As a journalist and author who's covered international affairs for five decades, I have, of course, my favorite places and people. I also have my peeves. There are some countries that I'd rather not re-visit, although these are only a few -- and getting fewer as stubbornly anti-democratic regimes yield, however reluctantly, to benign forces.
India is among my favorite places, not the least because -- barring a some short years under Prime Minister Indira Gandhi -- it hasn't had an anti-democratic regime since independence from the British Raj in 1947.
Democracy, is, of course, messy and untidy; it is loud. Indians are predisposed to being argumentative: there's an old saw that all it takes is one Indian to start a jeremiad, two Indians to escalate it into a state of fierceness, and three Indians for everybody to go insane. With nearly a dozen official languages and hundreds of dialects, discussions among Indians -- at least the ones in public -- tend to quickly segue into shouting matches.
Everybody accepts that in such matches there will be liabilities, there will be villains and victors. Everybody accepts that it's cultural. Everybody accepts that even though nobody may hear a thing if everyone shouts, at least it's cathartic.
I, too, accept, all this, even though I'm no longer an Indian national (and, uncharacteristically for an Indian, I'm really not all that argumentative). I was born in what was then Bombay and is now Mumbai; I was born in a year when the country's population was a third of the current figure of 1.3 billion. (No, I'm not specifying my age, but you can do the arithmetic: Demographers say that a country's population doubles every 35 years.) I left India to study in the United States, and never came back to live in Mumbai again.
I do return every few weeks, however, for my books and columns. I am based in Dubai, which has become a kind of body-and-mind repair shop for me. It takes only three or four hours to fly from here to most Indian cities; on the flight over, India elicits a strange and exciting sort of anticipation. On the flight back to Dubai, I inevitably reflect on the galloping changes that seem to take place in between my visits.
The most significant change, in my view, is that there's a renewed national energy about India's future. People still complain about inflation, high unemployment figures, and corruption in high places. But the same people will tell you that their hopes for a better future for themselves and their children are on the rise.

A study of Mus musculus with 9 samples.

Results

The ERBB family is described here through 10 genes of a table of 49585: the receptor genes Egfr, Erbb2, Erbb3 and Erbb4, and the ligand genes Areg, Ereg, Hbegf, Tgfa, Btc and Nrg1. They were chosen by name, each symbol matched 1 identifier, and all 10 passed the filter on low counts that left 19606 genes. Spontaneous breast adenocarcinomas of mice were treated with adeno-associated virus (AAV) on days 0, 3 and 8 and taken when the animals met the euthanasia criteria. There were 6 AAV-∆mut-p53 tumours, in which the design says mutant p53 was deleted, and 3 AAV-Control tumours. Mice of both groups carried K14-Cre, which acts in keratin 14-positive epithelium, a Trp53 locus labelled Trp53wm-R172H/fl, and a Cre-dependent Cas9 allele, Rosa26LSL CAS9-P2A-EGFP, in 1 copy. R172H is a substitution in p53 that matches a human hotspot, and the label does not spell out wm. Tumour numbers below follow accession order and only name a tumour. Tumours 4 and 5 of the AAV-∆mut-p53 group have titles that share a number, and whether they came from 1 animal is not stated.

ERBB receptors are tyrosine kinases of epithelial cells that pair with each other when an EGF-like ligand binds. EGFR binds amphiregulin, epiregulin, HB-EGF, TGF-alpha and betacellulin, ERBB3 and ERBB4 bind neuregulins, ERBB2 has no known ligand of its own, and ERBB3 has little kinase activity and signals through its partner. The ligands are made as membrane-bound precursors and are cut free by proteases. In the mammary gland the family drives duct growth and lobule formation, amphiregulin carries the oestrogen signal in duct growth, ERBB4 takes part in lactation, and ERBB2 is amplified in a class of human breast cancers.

Professional economists are less sanguine, driven as they are by statistics that can be manipulated to drive home any point one might choose. Naysaying gets you on the myriad TV talk shows where tirades and tantrums are commonplace; boosting India often brings boos.
My vote, metaphorically speaking, is with the everyday Indians I get to meet, with those who invest in creating more jobs and in developing India's infrastructure.
What explains my sense of hope rising? The answer doesn't lie in the stats, for sure: India's annual economic growth rate is projected to only crawl next year and the year beyond. My sense flows from the language and the body language of those whom I meet.
This may not be a terribly scientific observation; it's intuitive.
And why is this hope among people rising? Much as I felt diffident about Narendra Modi as a national leader when he was campaigning earlier this year, his pronouncements and projects since he became prime minister in May have reassured me.
Seven months in office isn't sufficient time to jumpstart the economy, to be sure. But if you carefully study what Mr. Modi has been saying about economic development and social justice, it becomes clear that considerable thought has gone into his statements.
Those statements contain a singular message, one that engenders hope in very many people who must deal with the daily drama of living in India: India is a country with vast natural resources, vast pools of educated and talented men and women, vast possibilities for widening manufacturing and strengthening agro-business, vast prospects for being a banker and a backroom-operations center for more industrialized countries.
Mr. Modi is not promising overnight change; he knows that India is too big and too diverse a country for that. But he's showing with great clarity what the future might look like, and what he says is entirely believable.
That's why, after a long time spent in the wilderness of despair, I -- like many Indians -- am cheering again.